Yesterday, media was abuzz with the news that a couple in Lucknow was allegedly moral policed by passport officer in Lucknow, one Vikas Mishra, who allegedly harassed an interfaith couple. In her tweets to Minister of External Affairs, Sushma Swaraj, one Tanvi Anas accused Mishra of speaking to her rudely and holding her and her Muslim husband’s passports on hold for not having changed her name after marriage.

She claimed that she has married a Muslim but has never changed her name. In subsequent tweets, she explains her ordeal to Swaraj how it is her personal choice not to change her name after marriage.

She accused that Mishra asked her to change her name after marriage as it is ‘her duty’.

However, after a huge social media uproar, Vikas Mishra, the passport office officer in question has defended himself claiming that Tanvi’s name as per nikahnama (Islamic marriage contract) was ‘Shadia Anas’, but she refused to get her name changed as per her nikahnama.

If the marriage is solemnised as per Islamic rituals, i.e. a nikahnama was drawn, instead of marriage under Special Marriage Act, Tanvi would have to convert to Islam. This would mean two things:

  1. This ceases to be inter-faith marriage.
  2. It raises the question on whether she changed her name to Shadia Anas as per her nikahnama?

Mishra, who is now transferred following Tanvi’s accusations that he asked her husband to convert to Hinduism, has claimed that he merely asked Tanvi to clarify whether she has ever changed her name. There is a column in the passport application form which requires you to fill in this detail. He claimed that the couple had gone from Noida to Lucknow, instead of going to the Ghaziabad passport office, to get the passport done on a short leave and got agitated when he raised an objection.

To this, Tanvi claimed that more than what Mishra said, she had a problem with the ‘tone’ he used.

Tanvi Anas tweets which she has now deleted.

Like everyone else, I got a little curious and did a bit of digging.

The passport declaration form [PDF] has a declaration that to the best of applicant’s knowledge, all information provided is true and correct. She has to mention her marital status in the form. If she has changed her name, she has to mention that as well.

Tanvi claims that she did not change her legal name to be the same as the name mentioned in the nikahnama because it is her personal choice. And that is true, indeed. However, the nikahnama is a valid marriage certificate as per Islam and even Indian laws (personal laws) and if the nikahnama has a different name, she is required to mention that. Hence, if there is a discrepancy between the name mentioned in the nikahnama and her legal name, the officer is well within his right to ask her to clarify and justify the discrepancy.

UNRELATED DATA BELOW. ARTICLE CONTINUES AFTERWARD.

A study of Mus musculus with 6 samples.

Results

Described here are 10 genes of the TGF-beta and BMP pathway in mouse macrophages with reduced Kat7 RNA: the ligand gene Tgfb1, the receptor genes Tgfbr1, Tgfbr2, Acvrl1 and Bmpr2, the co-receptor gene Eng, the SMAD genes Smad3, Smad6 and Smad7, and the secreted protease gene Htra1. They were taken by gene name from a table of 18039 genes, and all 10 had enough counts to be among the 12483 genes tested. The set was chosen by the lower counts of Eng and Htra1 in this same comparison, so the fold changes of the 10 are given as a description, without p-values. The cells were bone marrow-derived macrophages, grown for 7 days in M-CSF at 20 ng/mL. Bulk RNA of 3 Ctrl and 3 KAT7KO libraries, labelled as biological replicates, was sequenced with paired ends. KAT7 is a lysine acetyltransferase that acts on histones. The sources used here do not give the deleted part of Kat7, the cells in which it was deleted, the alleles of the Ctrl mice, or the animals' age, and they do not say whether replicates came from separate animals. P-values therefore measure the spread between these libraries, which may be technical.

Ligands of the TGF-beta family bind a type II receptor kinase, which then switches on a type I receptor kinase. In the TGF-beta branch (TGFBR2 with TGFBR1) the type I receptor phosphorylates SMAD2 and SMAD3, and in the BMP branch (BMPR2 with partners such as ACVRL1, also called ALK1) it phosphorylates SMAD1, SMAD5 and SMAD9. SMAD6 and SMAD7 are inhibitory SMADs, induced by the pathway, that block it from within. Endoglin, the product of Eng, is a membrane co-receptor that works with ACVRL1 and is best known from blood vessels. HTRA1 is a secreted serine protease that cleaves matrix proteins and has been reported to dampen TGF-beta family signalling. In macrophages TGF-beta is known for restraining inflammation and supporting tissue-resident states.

Interestingly, Modi government has relaxed the rules so much that woman need not provide marriage certificate for issuance of a passport. The standard affidavit which is required to be filed by a person who needs to get his/her spouse’s name added or marital status changed, does not need to submit any additional documents like a marriage certificate.

Annexure E for a standard affidavit for change of name. 

Tomorrow I could get my name changed on passport and in name of spouse I could also write Salman Khan and I don’t even need a proof for that. Of course, that doesn’t mean I would get away with it considering there are strict rules and any incorrect information provided in the passport is a punishable offence, but nothing really stops anyone from providing incorrect information in the first place.

Anyway, coming back to this curious case, we have more questions.

  1. Why did Tanvi and her husband go from Noida to Lucknow for a passport when they were required to file same in Ghaziabad?
  2. Did she and her husband mention their marital status in their passport application form?
  3. When it was not required by law, why did they provide the nikahnama, especially when the nikahnama had a different name than her legal name?
  4. If an officer raises a question when there is a difference in names provided, the query does seem valid.
  5. Did they get their passports on such short notice without police verification because of the tweet?
  6. Now that they both have received their passports, within hours of tweeting to Sushma Swaraj, will there be a detailed police verification, as required by law for normal citizens who don’t get passports by tweeting to the minister get theirs?

Perhaps I should tweet this to Sushma Swaraj for a quicker response.

Politically incorrect. Author, Flawed But Fabulous.